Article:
1. Set machine for loosest carriage tension and biggest yarn you can use easily. Your goal here is to get a big stitch.
2. Ewrap each needle, loosely, just as if you were practicing your 'cursive Es'.
3. Now hang weights all the way across or cast on comb right in the middle (first one should be about a foot long for learning...you can make half and full width versions later).
4. Push all needles out all the way (this helps to prevent carriage tangling in the beginning. Knit 4 rows remembering to push needles out all the way each time.
5. Now it should behave and you can avoid the needle pushing, just use your carriage slowly in the beginning. Knit 2030 rows and bind off, loosely. The rag is now ready to use.
6. Turn the purl side toward you....you will not see this in most videos and the reason I didn't just send you to youtube. The purl bumps on your rag will be loose enough to simply push onto a needle with your finger....slide2 or 3 on and then hang a weight, placing it anywhere on the rag that seems comfortable. I like to get down about an inch from the bottom edge, just to keep the weights out of my way while we're getting it on the machine.
7. Now continue pushing purls onto needles, working your way down the bed, sliding purl bumps onto needles, one after the other...trying to stay on the same row, which is pretty easy as the rag will easily 'fold' right on one line. (If you use a stitch from the row before or the row after, it will have no effect at all, just stay on the row as much as is easily feasible.)
8. When the entire row of stitches is on needles, slide back behind hooks, do one row of ravel cord, knit and then begin with your project, casting on with NO wraps (called a 'provisional cast on') or Ewraps or crochet hook (in this case, you must come up in the middle of each ravel cord stitch), whichever kind you prefer or is called for.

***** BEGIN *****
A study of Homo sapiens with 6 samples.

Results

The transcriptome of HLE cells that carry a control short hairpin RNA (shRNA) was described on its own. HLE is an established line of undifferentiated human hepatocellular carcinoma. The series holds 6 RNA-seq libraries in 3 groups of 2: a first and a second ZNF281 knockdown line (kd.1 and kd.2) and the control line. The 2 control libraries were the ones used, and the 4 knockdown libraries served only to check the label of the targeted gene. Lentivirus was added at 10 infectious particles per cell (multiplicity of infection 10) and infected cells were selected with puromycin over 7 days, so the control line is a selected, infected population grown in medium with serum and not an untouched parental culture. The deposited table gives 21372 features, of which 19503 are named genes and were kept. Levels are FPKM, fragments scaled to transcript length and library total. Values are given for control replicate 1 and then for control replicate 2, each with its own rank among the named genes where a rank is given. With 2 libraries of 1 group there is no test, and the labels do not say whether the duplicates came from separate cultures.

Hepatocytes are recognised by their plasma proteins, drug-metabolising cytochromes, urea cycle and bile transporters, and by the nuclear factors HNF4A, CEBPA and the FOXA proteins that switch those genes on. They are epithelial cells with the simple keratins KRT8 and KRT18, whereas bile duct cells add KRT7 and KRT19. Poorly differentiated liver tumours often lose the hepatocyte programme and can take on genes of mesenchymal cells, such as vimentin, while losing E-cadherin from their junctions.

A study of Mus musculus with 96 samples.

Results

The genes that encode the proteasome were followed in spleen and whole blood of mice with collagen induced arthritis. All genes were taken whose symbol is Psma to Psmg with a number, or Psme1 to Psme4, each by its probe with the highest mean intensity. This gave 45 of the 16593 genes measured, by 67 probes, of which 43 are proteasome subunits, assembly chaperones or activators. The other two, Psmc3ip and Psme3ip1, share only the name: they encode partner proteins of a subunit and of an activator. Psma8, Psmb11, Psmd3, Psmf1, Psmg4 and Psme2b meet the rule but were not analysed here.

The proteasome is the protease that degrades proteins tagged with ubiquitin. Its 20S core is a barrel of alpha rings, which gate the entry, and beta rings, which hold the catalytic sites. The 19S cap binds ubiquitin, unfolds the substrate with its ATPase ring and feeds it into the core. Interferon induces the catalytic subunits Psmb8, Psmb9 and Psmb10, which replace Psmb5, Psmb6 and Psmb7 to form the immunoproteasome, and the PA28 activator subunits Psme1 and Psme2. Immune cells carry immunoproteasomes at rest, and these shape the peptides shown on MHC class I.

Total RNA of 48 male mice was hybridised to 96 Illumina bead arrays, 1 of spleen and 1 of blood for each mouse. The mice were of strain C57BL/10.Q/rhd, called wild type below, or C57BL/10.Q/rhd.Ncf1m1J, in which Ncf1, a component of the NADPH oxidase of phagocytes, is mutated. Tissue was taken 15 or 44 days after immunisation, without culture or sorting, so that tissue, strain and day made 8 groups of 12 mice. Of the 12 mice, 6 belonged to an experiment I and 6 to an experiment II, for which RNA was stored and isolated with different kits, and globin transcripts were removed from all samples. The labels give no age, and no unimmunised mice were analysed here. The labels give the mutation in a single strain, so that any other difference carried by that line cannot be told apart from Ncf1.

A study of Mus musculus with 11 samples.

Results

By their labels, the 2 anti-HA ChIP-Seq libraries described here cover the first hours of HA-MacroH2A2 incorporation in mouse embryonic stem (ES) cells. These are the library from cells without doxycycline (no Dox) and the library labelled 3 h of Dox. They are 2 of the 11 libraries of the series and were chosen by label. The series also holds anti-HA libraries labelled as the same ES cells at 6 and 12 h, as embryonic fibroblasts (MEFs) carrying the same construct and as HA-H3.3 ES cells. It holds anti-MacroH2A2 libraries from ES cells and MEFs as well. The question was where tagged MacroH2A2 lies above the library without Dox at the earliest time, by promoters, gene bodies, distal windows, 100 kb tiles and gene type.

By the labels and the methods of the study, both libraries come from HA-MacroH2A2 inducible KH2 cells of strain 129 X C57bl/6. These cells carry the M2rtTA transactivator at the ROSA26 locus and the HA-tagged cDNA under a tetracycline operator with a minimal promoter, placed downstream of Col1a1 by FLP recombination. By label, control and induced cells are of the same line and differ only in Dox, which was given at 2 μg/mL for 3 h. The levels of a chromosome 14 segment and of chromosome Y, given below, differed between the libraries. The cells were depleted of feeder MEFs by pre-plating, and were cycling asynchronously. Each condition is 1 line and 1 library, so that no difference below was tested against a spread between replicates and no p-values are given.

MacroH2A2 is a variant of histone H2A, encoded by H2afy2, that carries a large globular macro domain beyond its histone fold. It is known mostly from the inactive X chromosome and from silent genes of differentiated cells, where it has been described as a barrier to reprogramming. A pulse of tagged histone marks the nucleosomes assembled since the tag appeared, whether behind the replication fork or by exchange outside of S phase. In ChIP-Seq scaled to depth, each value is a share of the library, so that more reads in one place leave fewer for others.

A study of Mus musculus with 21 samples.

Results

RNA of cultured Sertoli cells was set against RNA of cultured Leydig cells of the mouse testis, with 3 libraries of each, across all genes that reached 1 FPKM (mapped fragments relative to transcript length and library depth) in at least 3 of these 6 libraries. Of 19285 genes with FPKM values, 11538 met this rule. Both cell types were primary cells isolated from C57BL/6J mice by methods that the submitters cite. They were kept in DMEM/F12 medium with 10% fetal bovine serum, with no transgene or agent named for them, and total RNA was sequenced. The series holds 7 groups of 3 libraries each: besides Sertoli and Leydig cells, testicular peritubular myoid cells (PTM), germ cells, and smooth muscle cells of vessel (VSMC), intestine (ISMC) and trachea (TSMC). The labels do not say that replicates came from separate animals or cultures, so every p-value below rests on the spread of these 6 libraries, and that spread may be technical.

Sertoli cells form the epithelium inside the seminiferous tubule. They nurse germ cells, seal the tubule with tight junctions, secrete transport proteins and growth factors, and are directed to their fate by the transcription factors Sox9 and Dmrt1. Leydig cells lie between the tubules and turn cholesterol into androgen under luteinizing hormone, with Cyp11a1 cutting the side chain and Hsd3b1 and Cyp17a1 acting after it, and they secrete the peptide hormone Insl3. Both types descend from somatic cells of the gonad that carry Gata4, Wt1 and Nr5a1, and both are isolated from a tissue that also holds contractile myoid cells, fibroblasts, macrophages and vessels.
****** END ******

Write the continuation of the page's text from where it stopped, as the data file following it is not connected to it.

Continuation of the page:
NOTE: (Whatever is called for, I use provisional style most of the time as these stitches are open, available for knitting the opposite direction, or continuing into hems or facings or edgings in whatever method I like.......remember, knitting patterns are a road map, not a bible).
NOTE: This type of cast on can be used on any machine for any size project (I have a couple of full width rags and a half dozen half width rags.....and size does not matter....if you are casting on 30 stitches, you just go to the middle of your rag and estimate, beginning with a stitch a few inches from the middle and working across to your 30 needles.
The ends of the rags will just hang downward with a weight holding them out of your way, move upward, as necessary).
NOTE: If you are having a hard time, try one of these simple tools and I think you will like it.... after completing the rag, you will simply hang (with purls toward you ...
WHAT’S DIFFERENT: I know, the videos show hanging them with the knit side facing you and using a pickup tool, but I think this is easier and doesn't need a tool....) weight, do one ravel cord row, and begin............the weight is attached to your rag, which allows you to use any yarn easily and quickly.
NOTE: If you try this and think you will like it, then you will want to make yourself a few (lots of us have multiple projects going...and you can always stop where you are, ravel cord, and waste yarn off to clear your machine for another project. I prefer having 2 full length and several half length rags and I also prefer to make them all from hot pink … this makes them easy to find in my knitting supplies, and used up some really ugly hot pink yarn……..
ADDITIONS: In recent rags, I have added a small 1 inch hem at the beginning...this allows me to slip rebar (purchase at your hardware store, asking them to cut a 1 ft, 2 ft, and 4 ft length. This stuff is dirt cheap, heavy and they will cut it for you.